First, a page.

By nature, “musicians” and “organization” do not go hand in hand. But once a musician branches out and becomes either a producer or studio owner, organization becomes necessary. I admit that as both a producer and studio owner, I would much rather spend my time in production than sitting in front of a computer typing in client addresses, labeling tapes, printing invoices and bar codes, or searching through a filing cabinet looking for track sheets. That’s why it helps to invest in a product such as AlterMedia’s Studio Suite-the all-in-one, organize-your-recording/mastering/project/video post-production studios-and-production companies-so-you-can-work software. Studio Suite’s 20 relational modules help organize, manage and simplify the complex environment of large or small facilities at a home studio price.
Studio Suite is a relatively easy-to-use production management system that operates through FileMaker Pro on a Mac or PC, allowing cross-platform networking. It allows the user to keep detailed records of such things as contacts, scheduling, media inventory, bar codes, sessions, equipment, recording budgets and various other data that would otherwise be recorded on Post-It notes and scattered about the studio until they got accidentally thrown away. Studio Suite removes the fear of organizing by neatly putting everything into one package.
Opening up to the Main Menu, I was greeted by a very friendly looking interface-a module-type menu with 20 buttons that, with a simple click, takes you wherever you need to go. Most sections of Studio Suite are interconnected, meaning they are related to and interact with each other. Information entered in one section allows you to gather and use that information in another section. For example, when you open up a client’s record you can see all previous invoices, all media, every song that was worked on, and even the rates charged each time. It makes it easy to keep close track of every aspect of every project. Plus, Studio Suite’s five levels of security access let you define passwords to determine who gets access to what information.
The Calendar function is also useful, especially when you have multiple engineers or producers whose sessions need to be managed. My studio has three engineers, so scheduling can become a bit of a headache. The Calendar page lets you keep detailed track of which room is booked when, and when your equipment, people and media are booked as well. Each detail of every session can be tracked, too, even whether the session is confirmed or tentative. And the elaborate networking allows each room of a multiroom facility to be connected to the others. For example, if a booking is changed in the office, the engineer can see it in the control room. Or if the engineer logs an equipment problem, it will show up in the maintenance room. All of our engineers have access to the program and can use the data interactively.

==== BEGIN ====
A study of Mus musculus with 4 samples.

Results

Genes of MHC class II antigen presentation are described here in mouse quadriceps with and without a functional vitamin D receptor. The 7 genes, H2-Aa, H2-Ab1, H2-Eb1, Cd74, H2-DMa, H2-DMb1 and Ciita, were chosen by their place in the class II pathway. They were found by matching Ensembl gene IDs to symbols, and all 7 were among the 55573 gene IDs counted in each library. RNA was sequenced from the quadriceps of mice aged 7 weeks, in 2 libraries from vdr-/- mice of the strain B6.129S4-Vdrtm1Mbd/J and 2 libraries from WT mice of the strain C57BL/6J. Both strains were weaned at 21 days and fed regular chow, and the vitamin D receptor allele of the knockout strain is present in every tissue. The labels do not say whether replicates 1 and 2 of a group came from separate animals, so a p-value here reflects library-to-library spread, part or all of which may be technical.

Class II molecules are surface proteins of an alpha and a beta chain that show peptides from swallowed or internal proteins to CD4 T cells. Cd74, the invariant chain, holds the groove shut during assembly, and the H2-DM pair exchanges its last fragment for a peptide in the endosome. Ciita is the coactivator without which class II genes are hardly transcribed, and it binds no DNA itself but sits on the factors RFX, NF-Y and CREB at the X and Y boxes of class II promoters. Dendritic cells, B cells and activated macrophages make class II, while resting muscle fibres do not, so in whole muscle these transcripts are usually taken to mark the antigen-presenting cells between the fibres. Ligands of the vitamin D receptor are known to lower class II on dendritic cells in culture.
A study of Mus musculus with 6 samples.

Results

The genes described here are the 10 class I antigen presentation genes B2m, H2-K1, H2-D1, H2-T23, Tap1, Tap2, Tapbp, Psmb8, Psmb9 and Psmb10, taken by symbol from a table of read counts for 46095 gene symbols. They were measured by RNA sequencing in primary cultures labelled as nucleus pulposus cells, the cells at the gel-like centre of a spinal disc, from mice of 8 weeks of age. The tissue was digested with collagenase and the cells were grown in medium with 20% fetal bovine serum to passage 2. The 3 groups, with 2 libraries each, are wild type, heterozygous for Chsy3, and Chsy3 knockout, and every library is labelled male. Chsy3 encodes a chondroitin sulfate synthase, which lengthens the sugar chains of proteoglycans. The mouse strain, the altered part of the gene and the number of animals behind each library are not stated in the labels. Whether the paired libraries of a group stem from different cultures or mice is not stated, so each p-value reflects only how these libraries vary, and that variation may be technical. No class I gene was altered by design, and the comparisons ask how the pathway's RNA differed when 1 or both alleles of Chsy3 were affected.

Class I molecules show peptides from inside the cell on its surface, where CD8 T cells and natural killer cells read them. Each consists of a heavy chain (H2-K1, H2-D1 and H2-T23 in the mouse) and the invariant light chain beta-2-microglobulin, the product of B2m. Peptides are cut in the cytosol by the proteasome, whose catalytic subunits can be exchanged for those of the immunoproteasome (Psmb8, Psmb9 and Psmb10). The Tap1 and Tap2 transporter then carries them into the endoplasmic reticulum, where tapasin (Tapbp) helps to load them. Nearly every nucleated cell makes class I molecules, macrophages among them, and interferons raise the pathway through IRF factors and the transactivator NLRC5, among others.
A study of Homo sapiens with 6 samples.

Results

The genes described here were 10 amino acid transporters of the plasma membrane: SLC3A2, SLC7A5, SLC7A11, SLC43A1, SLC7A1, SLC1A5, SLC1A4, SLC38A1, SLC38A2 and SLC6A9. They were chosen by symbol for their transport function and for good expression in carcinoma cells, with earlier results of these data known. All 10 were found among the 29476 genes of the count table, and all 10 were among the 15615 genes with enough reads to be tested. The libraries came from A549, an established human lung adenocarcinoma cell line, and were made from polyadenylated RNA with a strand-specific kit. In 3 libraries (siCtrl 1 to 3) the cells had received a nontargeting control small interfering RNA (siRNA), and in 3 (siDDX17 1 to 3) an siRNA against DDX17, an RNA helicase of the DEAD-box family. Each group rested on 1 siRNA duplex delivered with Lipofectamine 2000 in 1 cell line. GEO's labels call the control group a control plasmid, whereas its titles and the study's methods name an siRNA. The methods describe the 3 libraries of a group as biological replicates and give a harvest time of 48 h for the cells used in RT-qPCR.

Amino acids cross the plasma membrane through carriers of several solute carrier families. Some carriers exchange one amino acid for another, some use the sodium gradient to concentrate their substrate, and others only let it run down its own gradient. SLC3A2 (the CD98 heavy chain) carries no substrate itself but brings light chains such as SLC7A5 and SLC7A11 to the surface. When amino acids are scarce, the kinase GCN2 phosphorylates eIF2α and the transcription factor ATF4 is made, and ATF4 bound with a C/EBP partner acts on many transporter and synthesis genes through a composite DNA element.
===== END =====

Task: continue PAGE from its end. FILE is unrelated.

Delving further, I realized that Studio Suite was designed by someone who has spent a lot of time in the music business and had a lot to keep track of-everything is there, from recording budgets to equipment maintenance logs, each with various subheadings that allow you to track the minutiae of each category. For example, under the Recording Budgets menu, there are sub-menus such as Pre-Production, which compares budget costs to actual costs. The next sub-menu, Recording, allows you to break down the number of days of tracking required, cost per day, media costs, rentals, total cost, etc. Then there is a sub-menu for keeping track of hired talent costs, travel expenses, living expenses, producer fees (my favorite page), mastering costs, etc. Studio Suite keeps running totals, calculates and prints Summary reports and even configures taxes where applicable. Each page in Studio Suite has a simple Main Menu button that returns you to where you started, as well as a Print button that captures and prints the current page.
Something I found very useful was the Sample Management page. I do a lot of sampling and rely on my very unreliable memory to find and use my samples. The sample manager lets you keep track of all your samples: what type of samples they are; where they were taken from; where they are stored; plus contact information for the original artist, publishing companies, record label, etc. Another very cool feature throughout Studio Suite is that when you have to select media types (DVD, Zip, CD-ROM, etc.) and even brand data (Roland, Akai), most choices are offered via pop-up menus, which often means you don’t have to highlight the dialog box and type in the data. When you’re entering a lot of data, this feature really saves a lot of time and helps prevent unnecessary repeat typing or entering data into the wrong box type. These are minor features, but in my opinion, it’s the little things that separate good computer programs from great ones, and can prevent people like me from grabbing my monitor and throwing a 30-yard spiral through the window and onto the concrete outside.
Studio Suite has many more functions than those I’ve listed here; these are simply the ones that I found an immediate need to use. There is a sophisticated invoicing system, stock and inventory trackers, and a recall module that has drawings of 130 of the most common pieces of outboard gear where settings can be documented on screen. There’s even an alarm feature that can be used to remind you of calendar events or notify you when your media stock gets below a certain level. And at a low price of $389 for a two-seat user license, this application proves to be not only an amazing value, but practically a necessity for any production facility.
AlterMedia, 6300 Powers Ferry Rd., Suite 600-200 Atlanta, GA 30339; 800/450-5740; fax 770/303-0967; www.studiosuite.com.